Posted by: jwtarr | November 20, 2008

Beware of Wi-Fi Scams at Airports

Laptop Lounging at the Airport?  Beware of Hackers and Scams.

If you log on to a peer-to-peer or ad hoc network at the airport, you may be putting yourself at risked of being hacked.

Want to catch up on email before that flight to Houston?  Want to finish posting on your blog before heading to Grandma’s in Miami?  Maybe you are just watching some videos online to pass the time.  Whatever the case may be, organizations like the Better Business Bureau are asking you to beware.

Many airports are offering free wireless (Wi-FI) internet services to travelers stuck waiting in the terminal.  But the Better Business Bureau is warning that hackers set up fake Wi-Fi accounts designed to steal your information.

How it works 

Many hackers will set up a Wi-Fi network with the title “Free Wi-Fi.”  When people at the airport log on to their computer and open their internet connections page they will see that title thinking its a quick and money-saving way to jump online.  But in fact, many of these “Free Airport Wi-Fi’s”  are actually “ad hoc” networks.  That simply means you are on a peer-to-peer network; essentially you are web surfing through the hacker’s computer.  The hacker, in the meantime, may be stealing passwords, credit card information, bank account numbers, and even your social security number.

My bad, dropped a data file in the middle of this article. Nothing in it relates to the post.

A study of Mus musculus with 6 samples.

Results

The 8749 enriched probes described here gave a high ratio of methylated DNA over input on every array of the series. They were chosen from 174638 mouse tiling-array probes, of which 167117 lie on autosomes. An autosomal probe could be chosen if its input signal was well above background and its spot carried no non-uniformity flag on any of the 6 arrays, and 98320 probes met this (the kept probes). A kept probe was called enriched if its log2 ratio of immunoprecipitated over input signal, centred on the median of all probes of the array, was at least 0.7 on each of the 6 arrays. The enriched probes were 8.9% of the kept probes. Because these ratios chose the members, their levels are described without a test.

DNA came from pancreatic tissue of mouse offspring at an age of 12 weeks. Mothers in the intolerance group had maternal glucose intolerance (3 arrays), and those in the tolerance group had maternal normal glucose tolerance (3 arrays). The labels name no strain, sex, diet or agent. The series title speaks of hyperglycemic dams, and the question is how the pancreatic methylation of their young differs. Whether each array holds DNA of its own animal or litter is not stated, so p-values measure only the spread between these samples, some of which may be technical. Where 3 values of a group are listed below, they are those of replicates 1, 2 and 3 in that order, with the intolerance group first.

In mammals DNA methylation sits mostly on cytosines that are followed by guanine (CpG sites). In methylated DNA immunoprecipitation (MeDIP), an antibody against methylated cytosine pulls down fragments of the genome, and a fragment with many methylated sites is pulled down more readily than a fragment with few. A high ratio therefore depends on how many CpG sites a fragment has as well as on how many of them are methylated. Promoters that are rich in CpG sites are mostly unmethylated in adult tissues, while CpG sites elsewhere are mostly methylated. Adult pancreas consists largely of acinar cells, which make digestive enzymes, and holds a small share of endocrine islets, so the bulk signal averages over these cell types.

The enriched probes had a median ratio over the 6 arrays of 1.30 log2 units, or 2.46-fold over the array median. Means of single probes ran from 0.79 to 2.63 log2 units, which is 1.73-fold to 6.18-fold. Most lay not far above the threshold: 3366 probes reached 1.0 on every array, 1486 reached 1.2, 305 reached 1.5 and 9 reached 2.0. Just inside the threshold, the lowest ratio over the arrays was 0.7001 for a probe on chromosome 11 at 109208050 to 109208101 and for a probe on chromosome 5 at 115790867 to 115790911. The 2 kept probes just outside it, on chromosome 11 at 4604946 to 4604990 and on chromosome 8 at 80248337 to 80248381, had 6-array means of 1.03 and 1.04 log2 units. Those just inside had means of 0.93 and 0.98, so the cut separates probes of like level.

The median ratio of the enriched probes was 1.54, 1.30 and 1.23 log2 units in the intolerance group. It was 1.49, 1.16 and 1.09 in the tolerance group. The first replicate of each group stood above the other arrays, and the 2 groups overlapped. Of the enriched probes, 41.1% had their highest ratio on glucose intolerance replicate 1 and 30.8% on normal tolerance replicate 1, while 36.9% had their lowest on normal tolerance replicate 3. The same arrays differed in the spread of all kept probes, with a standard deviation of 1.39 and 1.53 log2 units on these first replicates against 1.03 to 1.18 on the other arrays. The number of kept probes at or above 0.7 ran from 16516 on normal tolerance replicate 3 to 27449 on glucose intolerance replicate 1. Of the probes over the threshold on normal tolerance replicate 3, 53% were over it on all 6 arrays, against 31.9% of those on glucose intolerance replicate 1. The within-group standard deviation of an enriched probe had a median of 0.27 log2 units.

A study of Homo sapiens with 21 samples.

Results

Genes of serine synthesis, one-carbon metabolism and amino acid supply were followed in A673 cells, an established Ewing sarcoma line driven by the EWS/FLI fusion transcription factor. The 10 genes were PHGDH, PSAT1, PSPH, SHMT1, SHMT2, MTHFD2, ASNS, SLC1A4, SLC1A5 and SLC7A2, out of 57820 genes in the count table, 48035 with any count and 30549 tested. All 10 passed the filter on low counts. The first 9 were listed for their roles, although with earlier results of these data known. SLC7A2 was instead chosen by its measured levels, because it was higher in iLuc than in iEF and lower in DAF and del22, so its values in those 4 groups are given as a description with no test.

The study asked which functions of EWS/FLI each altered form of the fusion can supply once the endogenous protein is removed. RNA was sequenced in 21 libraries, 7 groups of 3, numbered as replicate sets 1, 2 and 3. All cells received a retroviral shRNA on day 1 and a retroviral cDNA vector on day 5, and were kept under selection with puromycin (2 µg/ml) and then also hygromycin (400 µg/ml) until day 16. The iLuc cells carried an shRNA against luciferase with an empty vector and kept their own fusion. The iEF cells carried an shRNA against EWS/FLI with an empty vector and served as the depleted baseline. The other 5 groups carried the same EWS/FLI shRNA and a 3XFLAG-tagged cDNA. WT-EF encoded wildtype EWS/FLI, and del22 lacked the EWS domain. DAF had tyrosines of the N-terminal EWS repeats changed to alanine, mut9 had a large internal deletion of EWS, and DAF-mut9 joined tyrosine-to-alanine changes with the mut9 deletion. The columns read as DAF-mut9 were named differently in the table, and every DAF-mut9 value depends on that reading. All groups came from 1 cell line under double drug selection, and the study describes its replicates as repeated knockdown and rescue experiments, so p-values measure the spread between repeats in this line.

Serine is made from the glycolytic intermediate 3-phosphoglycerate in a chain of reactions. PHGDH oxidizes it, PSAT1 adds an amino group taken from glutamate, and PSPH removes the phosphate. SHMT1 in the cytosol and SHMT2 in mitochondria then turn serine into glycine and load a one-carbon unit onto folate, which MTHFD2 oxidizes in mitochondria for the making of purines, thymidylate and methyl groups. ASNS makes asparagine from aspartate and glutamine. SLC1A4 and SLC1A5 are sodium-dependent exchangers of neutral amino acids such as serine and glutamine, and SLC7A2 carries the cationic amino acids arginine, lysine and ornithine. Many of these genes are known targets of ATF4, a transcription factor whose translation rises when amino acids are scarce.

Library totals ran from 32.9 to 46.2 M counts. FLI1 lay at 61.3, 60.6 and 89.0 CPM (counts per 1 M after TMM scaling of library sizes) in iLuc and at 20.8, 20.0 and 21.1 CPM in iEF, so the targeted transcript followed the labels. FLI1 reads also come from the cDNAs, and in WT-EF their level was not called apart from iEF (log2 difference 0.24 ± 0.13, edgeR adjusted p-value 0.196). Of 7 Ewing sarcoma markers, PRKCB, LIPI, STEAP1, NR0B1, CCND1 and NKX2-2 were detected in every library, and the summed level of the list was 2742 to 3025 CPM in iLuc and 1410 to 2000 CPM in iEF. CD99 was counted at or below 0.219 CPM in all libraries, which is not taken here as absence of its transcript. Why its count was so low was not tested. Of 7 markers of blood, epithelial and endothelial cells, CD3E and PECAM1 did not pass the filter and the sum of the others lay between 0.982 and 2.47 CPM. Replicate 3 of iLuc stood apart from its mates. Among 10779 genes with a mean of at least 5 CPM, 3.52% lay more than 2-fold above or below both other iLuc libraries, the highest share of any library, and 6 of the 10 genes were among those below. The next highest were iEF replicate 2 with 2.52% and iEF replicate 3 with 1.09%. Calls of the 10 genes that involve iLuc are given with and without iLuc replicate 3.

Just how prevalent are these ad-hoc networks?  Well, major airports like Los Angeles International (LAX) and Atlanta (ATL) have reported the problem.  In a study last year, Chicago O’Hare found more than 20 ad-hoc networks designed by hackers to steal information.

Videos like this one show just how easily your computer can be hacked (if you don’t take the necessary precautions and heed the advice below) at an airport or hotel while you are traveling.

What can you do?

Here are some tips from the BBB about what you can do to protect yourself while at the airport:

  • Never log on to a network you don’t recognize or a peer-to-peer network.  many times the networks will have the same name as the Wi-Fi advertised by the airport.  Microsoft has posted tools for travelers to be able to distinguish between the fraud and the real deal.
  • Make sure your computer is not set to autmotically connect to non-preferred wireless networks.
  • Turn off file-sharing

You can find detailed instructions on how to change some of these computer settings on sites like ComputerWorld.com.